Meenakshi Narain

Brown University physicist Meenakshi Narain has been chosen to lead a collaboration board for U.S. institutions in the Compact Muon Solenoid experiment. (brown.edu photo)

Brown University physics professor Meenakshi Narain has been tapped to chair the collaboration board of U.S. institutions in the Compact Muon Solenoid experiment, one of two large-scale experiments happening at the Large Hadron Collider particle accelerator headquartered in Geneva, the university said in a July 18 news release.

The CMS experiment is an international collaboration of 4,000 particle physicists, engineers, computer scientists, technicians and students from approximately 200 institutes and universities around the world.

As collaboration board chair, Narain will represent U.S. institutions within the broader collaboration, as well as with U.S. funding agencies. The board also plays a key role in shaping the vision and direction of the U.S. collaboration, the release said.

“I’m honored that my colleagues from the 50 U.S. institutions that collaborate with the CMS Experiment have chosen me to represent them,” the Indian American physicist said in a statement. “I see this position as an opportunity to help U.S. CMS to become a more inclusive community and to enable all young scientists to contribute to their full potential to CMS and find rewarding career opportunities in academia and industry.”

Narain and other Brown physicists working with the CMS experiment played key roles in the discovery in 2012 of the Higgs Boson, which at the time was the final missing piece in the Standard Model of particle physics.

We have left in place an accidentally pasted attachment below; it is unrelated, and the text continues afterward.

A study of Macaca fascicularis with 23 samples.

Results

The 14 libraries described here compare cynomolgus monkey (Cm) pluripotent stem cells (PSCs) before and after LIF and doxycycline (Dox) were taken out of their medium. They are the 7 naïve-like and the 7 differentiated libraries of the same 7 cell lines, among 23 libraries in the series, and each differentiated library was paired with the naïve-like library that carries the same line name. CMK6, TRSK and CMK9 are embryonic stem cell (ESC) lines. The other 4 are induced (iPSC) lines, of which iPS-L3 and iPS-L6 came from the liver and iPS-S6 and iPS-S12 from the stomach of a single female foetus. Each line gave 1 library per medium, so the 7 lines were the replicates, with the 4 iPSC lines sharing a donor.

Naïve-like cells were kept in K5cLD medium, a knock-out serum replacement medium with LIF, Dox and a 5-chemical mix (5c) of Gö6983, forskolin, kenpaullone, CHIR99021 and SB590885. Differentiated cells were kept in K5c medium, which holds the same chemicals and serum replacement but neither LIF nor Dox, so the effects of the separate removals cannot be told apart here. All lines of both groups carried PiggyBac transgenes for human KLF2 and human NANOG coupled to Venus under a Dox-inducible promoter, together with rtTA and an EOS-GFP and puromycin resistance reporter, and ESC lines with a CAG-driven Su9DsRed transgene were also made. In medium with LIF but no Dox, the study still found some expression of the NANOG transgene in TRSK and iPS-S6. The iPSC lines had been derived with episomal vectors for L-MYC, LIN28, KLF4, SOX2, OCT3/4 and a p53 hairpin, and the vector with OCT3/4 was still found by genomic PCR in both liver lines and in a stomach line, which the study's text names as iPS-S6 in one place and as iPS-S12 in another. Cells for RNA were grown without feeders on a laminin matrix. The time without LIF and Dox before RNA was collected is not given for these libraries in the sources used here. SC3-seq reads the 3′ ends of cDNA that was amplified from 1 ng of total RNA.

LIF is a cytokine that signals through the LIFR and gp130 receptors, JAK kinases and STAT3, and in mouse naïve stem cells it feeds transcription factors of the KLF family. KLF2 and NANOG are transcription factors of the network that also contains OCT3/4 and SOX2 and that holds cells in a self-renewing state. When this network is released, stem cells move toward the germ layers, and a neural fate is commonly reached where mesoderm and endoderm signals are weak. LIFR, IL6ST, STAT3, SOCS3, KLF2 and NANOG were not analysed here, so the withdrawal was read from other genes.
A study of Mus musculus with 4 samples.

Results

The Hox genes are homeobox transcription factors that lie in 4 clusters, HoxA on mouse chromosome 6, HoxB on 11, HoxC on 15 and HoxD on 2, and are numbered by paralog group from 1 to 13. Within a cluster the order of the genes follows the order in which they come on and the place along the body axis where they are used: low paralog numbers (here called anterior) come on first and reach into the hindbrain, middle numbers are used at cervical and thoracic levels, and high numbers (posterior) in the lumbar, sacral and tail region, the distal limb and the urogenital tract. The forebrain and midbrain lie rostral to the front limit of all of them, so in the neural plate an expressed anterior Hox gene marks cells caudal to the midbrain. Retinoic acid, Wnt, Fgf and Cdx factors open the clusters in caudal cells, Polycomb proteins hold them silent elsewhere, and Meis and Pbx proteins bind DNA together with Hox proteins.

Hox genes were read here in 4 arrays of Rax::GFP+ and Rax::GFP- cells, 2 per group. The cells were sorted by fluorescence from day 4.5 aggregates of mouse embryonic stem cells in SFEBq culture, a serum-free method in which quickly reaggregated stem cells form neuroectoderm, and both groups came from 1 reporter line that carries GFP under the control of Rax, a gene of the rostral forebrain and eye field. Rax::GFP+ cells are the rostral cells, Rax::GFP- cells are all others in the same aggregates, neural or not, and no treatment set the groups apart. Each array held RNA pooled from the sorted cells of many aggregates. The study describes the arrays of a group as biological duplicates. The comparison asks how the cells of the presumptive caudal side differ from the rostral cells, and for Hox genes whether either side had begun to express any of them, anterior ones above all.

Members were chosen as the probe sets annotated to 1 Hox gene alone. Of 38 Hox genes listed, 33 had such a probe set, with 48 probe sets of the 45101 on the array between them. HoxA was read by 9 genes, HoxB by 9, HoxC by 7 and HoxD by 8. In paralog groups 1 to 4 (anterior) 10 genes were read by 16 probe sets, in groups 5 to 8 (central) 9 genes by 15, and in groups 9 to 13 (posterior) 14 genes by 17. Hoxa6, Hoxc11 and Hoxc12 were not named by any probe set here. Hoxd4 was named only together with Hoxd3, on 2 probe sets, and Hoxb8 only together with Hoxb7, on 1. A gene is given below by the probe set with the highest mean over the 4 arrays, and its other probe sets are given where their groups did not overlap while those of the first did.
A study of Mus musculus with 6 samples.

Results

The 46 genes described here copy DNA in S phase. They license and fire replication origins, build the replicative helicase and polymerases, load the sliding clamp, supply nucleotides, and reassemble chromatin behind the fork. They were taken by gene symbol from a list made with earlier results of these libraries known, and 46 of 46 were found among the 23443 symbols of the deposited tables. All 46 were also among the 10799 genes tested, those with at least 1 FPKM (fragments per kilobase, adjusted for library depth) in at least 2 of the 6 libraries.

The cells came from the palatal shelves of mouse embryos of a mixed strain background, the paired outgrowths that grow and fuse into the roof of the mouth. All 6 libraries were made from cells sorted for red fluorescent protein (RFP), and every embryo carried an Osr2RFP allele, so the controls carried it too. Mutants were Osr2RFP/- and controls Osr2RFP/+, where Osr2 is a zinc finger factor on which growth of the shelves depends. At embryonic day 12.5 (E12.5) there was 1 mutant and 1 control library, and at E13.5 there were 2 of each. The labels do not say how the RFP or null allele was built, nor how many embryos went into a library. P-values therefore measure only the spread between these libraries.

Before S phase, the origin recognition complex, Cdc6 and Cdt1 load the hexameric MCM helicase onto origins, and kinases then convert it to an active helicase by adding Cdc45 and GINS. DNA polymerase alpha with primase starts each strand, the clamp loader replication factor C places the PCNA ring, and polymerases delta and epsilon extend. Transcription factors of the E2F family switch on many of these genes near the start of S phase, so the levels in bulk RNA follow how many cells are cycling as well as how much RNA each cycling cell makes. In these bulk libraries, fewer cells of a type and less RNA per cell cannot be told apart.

After the Higgs, the CMS experiment has been searching for particles beyond the Standard Model, including a potential candidate particle for dark matter, the mysterious stuff thought to account for a majority of matter in the universe, the release said.

Narain says part of her job is to maintain the research synergy created by the numerous U.S. scientists and institutions involved in the collaboration as they analyze data from the collider’s latest run, according to the university.

At the same time, the experiment must also prepare for the next stage of the Large Hadron Collider program slated to start around 2026. The next stage involves beam intensities five times higher the current level and 10 times more data than has been acquired to date. That will require parts of the CMS detector to be rebuilt, it said.

“We need the resources to maintain the detector during the current run as well as to start building the upgrades,” Narain added in the release. “I will work with funding agencies to communicate what we’ll need to both maintain our involvement in the data analysis and play a leading role in the upgrade of the detector.”

Narain says that as the first woman to chair the collaboration board, she plans to work toward cultivating more diversity in what is currently the largest physics collaboration in the U.S., according to the university.

“With this comes the opportunity to promote women and other underrepresented minorities to have the opportunity to develop their careers to their fullest potential,” she said. “I hope that I will be able to improve our community in the U.S. and in CMS in general to be more inclusive during my two-year term.”

Narain joined the Brown faculty in 2007 and has worked at the Large Hadron Collider together with the Brown team that includes professors David Cutts, Ulrich Heintz and Greg Landsberg. She was also a member of the DZero experiment at the Fermi National Accelerator Laboratory, where she played a prominent role in the discoveries of the top quark and the anti-top quark, two fundamental constituents of matter.